Vice Squad
Tuesday, June 05, 2007
Gambling and Skill

Day trading on the stock market looks a lot like internet gambling, yet day trading is legal in the US, while internet gambling is in a sort of legal limbo in many states (though the Justice Department thinks that most manifestations of internet gambling are illegal everywhere in the US). Insurance markets also share features with gambling, as do some fantasy sports leagues. Whether or not an activity is deemed to constitute gambling has a profound effect on the regulations that apply to it, or on whether it is legal at all.

Many legal rules that pertain to gambling refer to the role of "chance." For this reason, those who like to think that their gaming is legal frequently go to great pains to point out that theirs is primarily a game of skill, not chance, more like chess than roulette. (Poker players are particularly drawn to this type of argument -- but not universally.) The horse racing simulation that Vice Squad talked about several days ago hosts an FAQ page with four entries; here are the first two, which almost have a protest-too-much air, no?:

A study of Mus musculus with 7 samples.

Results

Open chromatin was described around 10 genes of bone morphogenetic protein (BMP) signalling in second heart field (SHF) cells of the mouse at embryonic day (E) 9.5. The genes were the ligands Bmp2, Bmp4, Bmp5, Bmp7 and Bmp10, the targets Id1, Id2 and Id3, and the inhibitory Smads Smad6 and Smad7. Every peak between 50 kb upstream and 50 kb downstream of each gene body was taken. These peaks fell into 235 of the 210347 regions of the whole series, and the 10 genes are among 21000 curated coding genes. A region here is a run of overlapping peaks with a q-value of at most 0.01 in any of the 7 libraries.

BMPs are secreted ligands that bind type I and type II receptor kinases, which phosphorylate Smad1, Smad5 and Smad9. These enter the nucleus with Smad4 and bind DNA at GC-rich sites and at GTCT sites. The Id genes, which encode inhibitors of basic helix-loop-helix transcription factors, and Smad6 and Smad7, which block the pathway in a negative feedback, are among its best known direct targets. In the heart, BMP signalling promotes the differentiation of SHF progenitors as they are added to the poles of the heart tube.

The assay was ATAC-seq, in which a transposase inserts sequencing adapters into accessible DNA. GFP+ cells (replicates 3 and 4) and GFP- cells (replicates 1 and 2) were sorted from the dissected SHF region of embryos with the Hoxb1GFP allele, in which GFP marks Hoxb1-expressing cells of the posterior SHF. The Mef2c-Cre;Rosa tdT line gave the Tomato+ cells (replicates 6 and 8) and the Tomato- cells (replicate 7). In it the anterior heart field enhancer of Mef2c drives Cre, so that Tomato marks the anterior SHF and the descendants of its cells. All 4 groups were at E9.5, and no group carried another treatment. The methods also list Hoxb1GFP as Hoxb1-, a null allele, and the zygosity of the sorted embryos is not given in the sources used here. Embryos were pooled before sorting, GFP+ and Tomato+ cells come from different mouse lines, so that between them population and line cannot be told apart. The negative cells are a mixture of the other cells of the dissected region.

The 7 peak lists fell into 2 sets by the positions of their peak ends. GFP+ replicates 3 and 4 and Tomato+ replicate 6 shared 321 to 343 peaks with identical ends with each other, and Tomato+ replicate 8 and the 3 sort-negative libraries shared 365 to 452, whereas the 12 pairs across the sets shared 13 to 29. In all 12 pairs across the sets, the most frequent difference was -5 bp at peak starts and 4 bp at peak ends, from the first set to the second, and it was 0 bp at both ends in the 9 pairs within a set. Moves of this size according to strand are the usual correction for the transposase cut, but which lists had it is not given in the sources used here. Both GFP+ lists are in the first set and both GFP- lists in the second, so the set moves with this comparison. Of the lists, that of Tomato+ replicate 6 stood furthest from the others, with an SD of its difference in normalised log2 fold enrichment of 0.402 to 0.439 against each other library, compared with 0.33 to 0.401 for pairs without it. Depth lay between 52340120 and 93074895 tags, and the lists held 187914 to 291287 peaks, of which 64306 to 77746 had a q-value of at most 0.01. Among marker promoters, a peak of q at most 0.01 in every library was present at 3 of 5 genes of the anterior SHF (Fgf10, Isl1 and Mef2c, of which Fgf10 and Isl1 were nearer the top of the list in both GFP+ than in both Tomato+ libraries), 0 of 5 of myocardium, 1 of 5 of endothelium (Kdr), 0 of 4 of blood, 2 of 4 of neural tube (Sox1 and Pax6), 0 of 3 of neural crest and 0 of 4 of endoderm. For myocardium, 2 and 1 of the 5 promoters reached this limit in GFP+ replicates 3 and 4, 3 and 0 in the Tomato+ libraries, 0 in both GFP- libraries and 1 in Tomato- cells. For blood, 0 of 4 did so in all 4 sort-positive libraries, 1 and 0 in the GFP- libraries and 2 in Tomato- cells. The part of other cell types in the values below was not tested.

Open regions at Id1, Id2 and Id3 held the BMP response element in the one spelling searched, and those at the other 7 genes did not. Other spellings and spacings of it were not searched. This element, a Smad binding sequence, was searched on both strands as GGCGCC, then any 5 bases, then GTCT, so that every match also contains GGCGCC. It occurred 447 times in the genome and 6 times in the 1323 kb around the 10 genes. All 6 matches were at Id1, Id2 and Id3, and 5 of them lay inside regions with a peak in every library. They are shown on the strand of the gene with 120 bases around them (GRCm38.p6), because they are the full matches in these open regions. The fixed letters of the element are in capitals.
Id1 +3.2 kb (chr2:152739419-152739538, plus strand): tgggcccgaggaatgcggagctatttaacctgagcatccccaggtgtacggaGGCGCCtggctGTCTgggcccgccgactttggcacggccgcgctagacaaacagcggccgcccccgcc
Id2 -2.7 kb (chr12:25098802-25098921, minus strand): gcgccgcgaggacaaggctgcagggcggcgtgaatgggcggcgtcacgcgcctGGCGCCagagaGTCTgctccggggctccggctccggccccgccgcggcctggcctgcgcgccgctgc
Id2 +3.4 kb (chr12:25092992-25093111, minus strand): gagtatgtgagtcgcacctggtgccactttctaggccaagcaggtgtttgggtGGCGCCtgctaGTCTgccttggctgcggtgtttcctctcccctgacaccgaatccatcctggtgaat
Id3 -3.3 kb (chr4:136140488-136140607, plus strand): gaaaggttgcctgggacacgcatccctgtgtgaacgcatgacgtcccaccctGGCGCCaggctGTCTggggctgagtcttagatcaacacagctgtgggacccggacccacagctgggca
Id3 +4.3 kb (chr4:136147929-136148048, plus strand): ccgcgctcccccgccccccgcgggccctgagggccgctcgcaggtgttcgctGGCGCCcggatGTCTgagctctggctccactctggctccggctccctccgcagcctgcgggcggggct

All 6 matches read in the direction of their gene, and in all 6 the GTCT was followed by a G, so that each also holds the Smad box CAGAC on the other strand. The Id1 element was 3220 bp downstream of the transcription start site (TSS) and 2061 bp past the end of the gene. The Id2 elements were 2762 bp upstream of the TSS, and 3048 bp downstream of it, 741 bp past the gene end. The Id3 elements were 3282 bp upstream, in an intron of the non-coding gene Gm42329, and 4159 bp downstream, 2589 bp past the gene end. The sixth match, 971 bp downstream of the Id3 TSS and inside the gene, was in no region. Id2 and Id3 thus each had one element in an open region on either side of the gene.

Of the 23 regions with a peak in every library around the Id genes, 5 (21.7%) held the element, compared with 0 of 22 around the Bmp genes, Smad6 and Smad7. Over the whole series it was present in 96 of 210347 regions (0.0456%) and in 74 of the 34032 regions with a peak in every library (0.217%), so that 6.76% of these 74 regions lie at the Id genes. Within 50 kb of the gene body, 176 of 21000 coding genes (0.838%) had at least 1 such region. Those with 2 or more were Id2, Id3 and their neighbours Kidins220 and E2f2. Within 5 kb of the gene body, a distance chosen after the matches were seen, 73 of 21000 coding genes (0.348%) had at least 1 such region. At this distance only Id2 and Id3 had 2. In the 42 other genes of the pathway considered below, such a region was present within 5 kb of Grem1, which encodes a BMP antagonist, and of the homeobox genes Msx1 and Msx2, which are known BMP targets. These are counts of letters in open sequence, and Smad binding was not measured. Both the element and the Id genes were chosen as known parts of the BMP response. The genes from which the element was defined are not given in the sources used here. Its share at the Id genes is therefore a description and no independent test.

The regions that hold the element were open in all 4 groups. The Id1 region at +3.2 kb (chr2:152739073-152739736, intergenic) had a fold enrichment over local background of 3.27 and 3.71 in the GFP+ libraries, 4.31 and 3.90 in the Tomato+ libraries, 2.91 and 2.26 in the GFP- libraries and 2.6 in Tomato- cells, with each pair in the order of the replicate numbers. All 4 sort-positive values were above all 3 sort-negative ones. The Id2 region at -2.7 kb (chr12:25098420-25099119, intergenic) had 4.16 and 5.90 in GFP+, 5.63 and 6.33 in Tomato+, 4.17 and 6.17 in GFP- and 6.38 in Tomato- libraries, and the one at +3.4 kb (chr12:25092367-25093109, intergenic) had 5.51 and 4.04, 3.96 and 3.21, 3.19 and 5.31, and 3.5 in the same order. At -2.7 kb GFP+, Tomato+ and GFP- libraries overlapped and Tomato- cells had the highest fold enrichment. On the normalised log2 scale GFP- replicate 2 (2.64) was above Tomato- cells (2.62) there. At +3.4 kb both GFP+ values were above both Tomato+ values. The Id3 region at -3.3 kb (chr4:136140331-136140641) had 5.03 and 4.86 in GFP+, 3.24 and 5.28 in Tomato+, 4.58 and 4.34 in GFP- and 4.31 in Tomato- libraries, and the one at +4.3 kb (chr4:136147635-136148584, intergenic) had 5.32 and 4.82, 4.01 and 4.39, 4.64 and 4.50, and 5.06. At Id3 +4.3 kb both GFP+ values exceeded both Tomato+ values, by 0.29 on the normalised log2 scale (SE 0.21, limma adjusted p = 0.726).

Definition of a skill-based game.
A skill-based game is defined as a game where skill predominates over chance in the produced results.

Why we are not a gambling site.
Gambling is generally defined by states as an activity containing the following elements: (1) award of a prize, (2) basis of chance, (3) consideration. If any of these three elements is missing then the activity is not considered gambling. Since this game is skill-based the basis of chance has been eliminated.
Anyway, the reason I am droning on about this issue today is that I received an e-note from a Friend of Vice Squad referring me to this short "news" item about a federal lawsuit claiming that a contest sponsored by the television show "Deal or No Deal" constitutes illegal gambling. The contest is free to play over the web, apparently, but a text message entry costs 99 cents. It does sound as if the text message version meets the three criteria for gambling listed above -- but I am not sure I would have made a federal case out of it. (Nor does it suggest that the plaintiffs will prevail.)

Every now and then I mention that I am not a lawyer and under no circumstances should you rely upon anything on Vice Squad as constituting legal advice or opinion; in fact, you shouldn't rely upon it more generally.